Big Wins for Marijuana and Gun Control on Election Day
Policy + Politics

Big Wins for Marijuana and Gun Control on Election Day

The election of Donald Trump to be the 45th U.S. president wasn’t the only decision Americans made on Tuesday. Voters in a host of states considered ballot measures from the legalization of pot to the death penalty. Here are some of the big results:

Marijuana legalization

Voters in California, Massachusetts and Nevada all chose to fully legalize marijuana for recreational purposes, joining Alaska, Colorado, Oregon, Washington and the District of Columbia. Maine also had recreational legalization on the ballot, but so far, the tally is too close to call. Arizona voters rejected legalization.

Arkansas, Florida and North Dakota voters legalized medical marijuana, while Montana voters voted to relax the state’s rules on medicinal marijuana.

Related: 5 Reasons Why Trump Won the Election

Minimum wage

Voters in Arizona, Colorado, Maine and Washington approved proposals to increase the minimum wage to $12 an hour. In South Dakota, voters rejected a proposal to reduce the minimum wage for those under 18.

Gun control

California voters approved a measure that mandates background checks for ammo purchases and bans large-capacity ammo magazines. Voters in Nevada voted for an initiative that requires background checks for all gun purchases except for gun transfer between family members or temporary gun exchanges for sports shooting and hunting.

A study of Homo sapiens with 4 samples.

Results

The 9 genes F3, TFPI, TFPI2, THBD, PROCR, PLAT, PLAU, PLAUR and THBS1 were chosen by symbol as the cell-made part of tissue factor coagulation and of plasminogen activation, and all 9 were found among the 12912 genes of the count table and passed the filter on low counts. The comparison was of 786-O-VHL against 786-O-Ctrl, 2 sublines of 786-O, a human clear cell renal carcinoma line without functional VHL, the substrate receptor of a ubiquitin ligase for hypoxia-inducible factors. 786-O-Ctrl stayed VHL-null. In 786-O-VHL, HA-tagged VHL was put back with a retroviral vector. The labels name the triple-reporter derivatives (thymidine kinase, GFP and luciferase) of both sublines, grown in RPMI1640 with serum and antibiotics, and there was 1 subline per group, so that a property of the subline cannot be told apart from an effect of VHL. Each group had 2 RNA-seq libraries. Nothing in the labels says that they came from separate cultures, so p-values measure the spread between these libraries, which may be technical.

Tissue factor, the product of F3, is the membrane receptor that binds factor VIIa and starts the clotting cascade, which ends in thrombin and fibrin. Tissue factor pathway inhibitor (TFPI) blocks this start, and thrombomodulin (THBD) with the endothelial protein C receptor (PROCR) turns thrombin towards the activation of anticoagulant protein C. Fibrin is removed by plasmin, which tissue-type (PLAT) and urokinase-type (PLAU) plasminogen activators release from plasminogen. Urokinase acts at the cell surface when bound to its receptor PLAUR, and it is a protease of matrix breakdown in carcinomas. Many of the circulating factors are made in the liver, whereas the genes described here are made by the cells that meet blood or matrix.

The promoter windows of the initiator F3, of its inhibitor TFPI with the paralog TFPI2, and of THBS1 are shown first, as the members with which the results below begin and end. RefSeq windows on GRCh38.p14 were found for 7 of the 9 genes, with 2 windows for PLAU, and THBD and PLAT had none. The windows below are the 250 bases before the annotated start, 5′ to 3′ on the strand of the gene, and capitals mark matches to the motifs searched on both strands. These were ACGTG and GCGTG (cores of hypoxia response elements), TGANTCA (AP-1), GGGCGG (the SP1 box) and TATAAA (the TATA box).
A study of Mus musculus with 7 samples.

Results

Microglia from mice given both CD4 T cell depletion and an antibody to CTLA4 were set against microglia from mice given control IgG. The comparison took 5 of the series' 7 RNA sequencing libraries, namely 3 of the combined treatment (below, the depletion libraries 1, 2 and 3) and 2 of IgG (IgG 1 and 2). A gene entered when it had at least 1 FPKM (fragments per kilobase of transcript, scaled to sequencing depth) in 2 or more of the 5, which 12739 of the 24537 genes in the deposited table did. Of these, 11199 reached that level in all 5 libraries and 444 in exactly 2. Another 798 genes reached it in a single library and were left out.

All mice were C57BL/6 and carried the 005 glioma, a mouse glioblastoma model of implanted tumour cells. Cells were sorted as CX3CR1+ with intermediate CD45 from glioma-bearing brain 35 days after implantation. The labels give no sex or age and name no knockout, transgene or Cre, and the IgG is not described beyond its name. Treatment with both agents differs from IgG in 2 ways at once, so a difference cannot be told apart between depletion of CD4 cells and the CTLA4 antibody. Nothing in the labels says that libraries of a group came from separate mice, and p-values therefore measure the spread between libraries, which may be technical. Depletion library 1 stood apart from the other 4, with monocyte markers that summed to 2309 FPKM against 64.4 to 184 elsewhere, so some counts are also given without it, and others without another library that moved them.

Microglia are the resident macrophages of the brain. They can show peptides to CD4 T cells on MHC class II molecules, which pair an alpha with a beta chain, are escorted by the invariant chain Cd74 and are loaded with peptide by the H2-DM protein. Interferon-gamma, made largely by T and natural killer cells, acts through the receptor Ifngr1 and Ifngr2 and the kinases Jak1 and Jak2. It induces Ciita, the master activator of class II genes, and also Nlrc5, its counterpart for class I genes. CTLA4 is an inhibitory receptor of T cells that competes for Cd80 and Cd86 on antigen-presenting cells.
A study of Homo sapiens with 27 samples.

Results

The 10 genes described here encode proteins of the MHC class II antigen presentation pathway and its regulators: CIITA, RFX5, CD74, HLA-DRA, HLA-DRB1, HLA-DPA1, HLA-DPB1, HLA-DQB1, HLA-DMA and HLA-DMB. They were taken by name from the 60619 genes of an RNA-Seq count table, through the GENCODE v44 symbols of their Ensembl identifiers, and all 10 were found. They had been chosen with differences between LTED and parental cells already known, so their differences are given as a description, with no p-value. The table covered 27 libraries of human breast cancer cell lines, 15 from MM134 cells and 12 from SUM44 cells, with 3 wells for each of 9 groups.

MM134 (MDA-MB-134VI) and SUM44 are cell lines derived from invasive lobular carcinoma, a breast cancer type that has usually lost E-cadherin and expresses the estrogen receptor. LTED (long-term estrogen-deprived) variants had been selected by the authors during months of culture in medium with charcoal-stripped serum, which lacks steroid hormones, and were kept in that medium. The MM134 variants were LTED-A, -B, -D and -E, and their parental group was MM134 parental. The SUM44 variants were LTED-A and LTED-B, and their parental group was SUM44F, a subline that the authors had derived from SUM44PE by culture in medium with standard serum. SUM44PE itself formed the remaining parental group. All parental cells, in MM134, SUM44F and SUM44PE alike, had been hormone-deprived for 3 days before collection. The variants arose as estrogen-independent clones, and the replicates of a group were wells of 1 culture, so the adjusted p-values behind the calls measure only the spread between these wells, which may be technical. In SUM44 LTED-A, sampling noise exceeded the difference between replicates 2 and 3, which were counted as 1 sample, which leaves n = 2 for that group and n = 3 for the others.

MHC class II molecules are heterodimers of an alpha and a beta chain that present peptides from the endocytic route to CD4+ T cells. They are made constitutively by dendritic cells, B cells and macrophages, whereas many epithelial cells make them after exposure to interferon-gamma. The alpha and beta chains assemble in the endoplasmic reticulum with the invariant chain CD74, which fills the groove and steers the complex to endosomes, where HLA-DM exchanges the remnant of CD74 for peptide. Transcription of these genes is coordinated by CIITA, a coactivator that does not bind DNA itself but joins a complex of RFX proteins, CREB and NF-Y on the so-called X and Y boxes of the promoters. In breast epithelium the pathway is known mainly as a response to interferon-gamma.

In Washington, voters accepted a measure to allow police and family/household members to get an order from judges that temporarily keeps someone at risk of harming himself or others from buying a gun. But in Maine, voters rejected a proposal to require background checks for private sales.

Criminal justice reform

Voters in California defeated a measure to repeal the death penalty and voted for a proposal to accelerate it. Nebraska voters reinstated capital punishment and voters in Oklahoma approved a measure to put the death penalty in its state constitution.

Related: 11 Huge Questions Americans Face Under President Trump

Voters in California and Oklahoma passed measures to reduce prison sentences, while New Mexico voters approved a constitutional amendment that says no one can be jailed because they can’t afford bail.